VictimsFirst’s General Victims Fund Has Been Depleted
On Thursday, September 8, 2022, our General Victims’ Fund was emptied after months of helping those directly impacted by the shootings in Sacramento (CA), Buffalo (NY), Uvalde (TX), and Highland Park (IL).
Unfortunately, at this time we can no longer accept applications for emergency financial assistance through our General Victims’ Fund. However, we will work diligently to replenish our fund for direct-to-victim emergency financial assistance and will continue to find other resources needed, if necessary.
Prior to our final distribution of emergency financial assistance, our account balance was $1,353.44. This is after scrambling many times to find additional funds to keep victims/survivors on their feet through our General Victims’ Fund, which is separately funded for all mass shooting victims across the country.
On Thursday, we transferred $1,146.56 from our Admin Account to help another survivor of the Uvalde School shooting with emergency needs. This allowed us to distribute the maximum amount possible.
Our limit per victim/survivor/family from our General Victims' Fund is set to $2,500.00, allowing us to help the greatest number of victims while still being able to provide enough funds to provide significant financial relief to those directly impacted by a mass casualty crime when they need it most.
This year alone, we helped 70 people with direct financial assistance from 7 different mass shootings through 87 disbursements from our General Victims’ Fund. Those were:
Highland Park - $25,580.67
Uvalde - $36,636.89
Buffalo - $16,400.00
Sacramento - $21,800.00
Vegas - $996.25
Pulse Orlando - $8,153.64
Aurora - $2,191.53
The total amount we distributed between January 1, 2022 and September 8, 2022 was $111,748.98.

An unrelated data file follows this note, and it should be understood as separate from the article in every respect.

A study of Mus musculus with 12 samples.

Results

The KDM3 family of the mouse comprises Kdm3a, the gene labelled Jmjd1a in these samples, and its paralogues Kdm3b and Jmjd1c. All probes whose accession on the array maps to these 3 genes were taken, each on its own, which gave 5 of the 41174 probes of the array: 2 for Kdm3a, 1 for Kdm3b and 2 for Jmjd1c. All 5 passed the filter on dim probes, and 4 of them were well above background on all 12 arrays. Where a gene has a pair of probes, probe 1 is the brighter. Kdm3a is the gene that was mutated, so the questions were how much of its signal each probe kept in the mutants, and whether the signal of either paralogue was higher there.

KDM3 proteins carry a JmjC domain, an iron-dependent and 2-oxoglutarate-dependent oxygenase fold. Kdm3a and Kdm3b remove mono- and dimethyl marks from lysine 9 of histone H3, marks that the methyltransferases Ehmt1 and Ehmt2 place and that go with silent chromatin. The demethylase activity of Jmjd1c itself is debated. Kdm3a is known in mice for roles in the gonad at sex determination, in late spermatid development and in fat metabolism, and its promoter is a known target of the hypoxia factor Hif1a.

In addition to emergency financial assistance, we have also helped victims of this year’s mass shootings with resources, including referrals to trauma specialists, disability specialists, and other significant medical services.
Our work also included securing 180 noise-canceling headphones for the children and families of Uvalde (via Sony Electronics and our friends at Sony Pictures Entertainment) before the Fourth of July festivities, working with law enforcement to ensure the privacy of victims’ families, and bird-dogging fundraisers, nonprofits, and GoFundMe campaigns to make sure that donations meant for victims/survivors actually were donated for them.
We also helped communities behind the scenes navigate their response in the best interests of the victims/survivors.
We will continue to advocate for victims/survivors and educate communities to act in the best interests of victims/survivors like we have been doing in Highland Park, Uvalde, and continue to do in Orlando.
We will also continue to collect donations for mass shooting victims in Uvalde, TX and Highland Park, IL until their deadlines.
Our overall fund for the entire victim base of the Robb Elementary School shooting in Uvalde – which is currently over $7.5 million – will be transferred to the National Compassion Fund (NCF) later this month. 100% will go directly to victims through the Uvalde Together We Rise, which the NCF is administering. This will help the entire victim base for mid-term needs and help others most directly impacted prepare for long-term needs for their families.
We expect to grant our fund for victims of the Highland Park parade shooting to the Highland Park Community Foundation’s July 4 Fund to be distributed directly to victims exclusively through categories A, B, and C in their final protocol. We collected over $930K for the mid-term and long-term needs of Highland Park victims, while also assisting those with immediate financial needs through our General Victims’ Fund (including those present, some of whom were in the line of fire).
Our philosophy is always to make sure that 100% of what we collect goes directly to victims and we have been diligent in making sure that is the case after both shootings.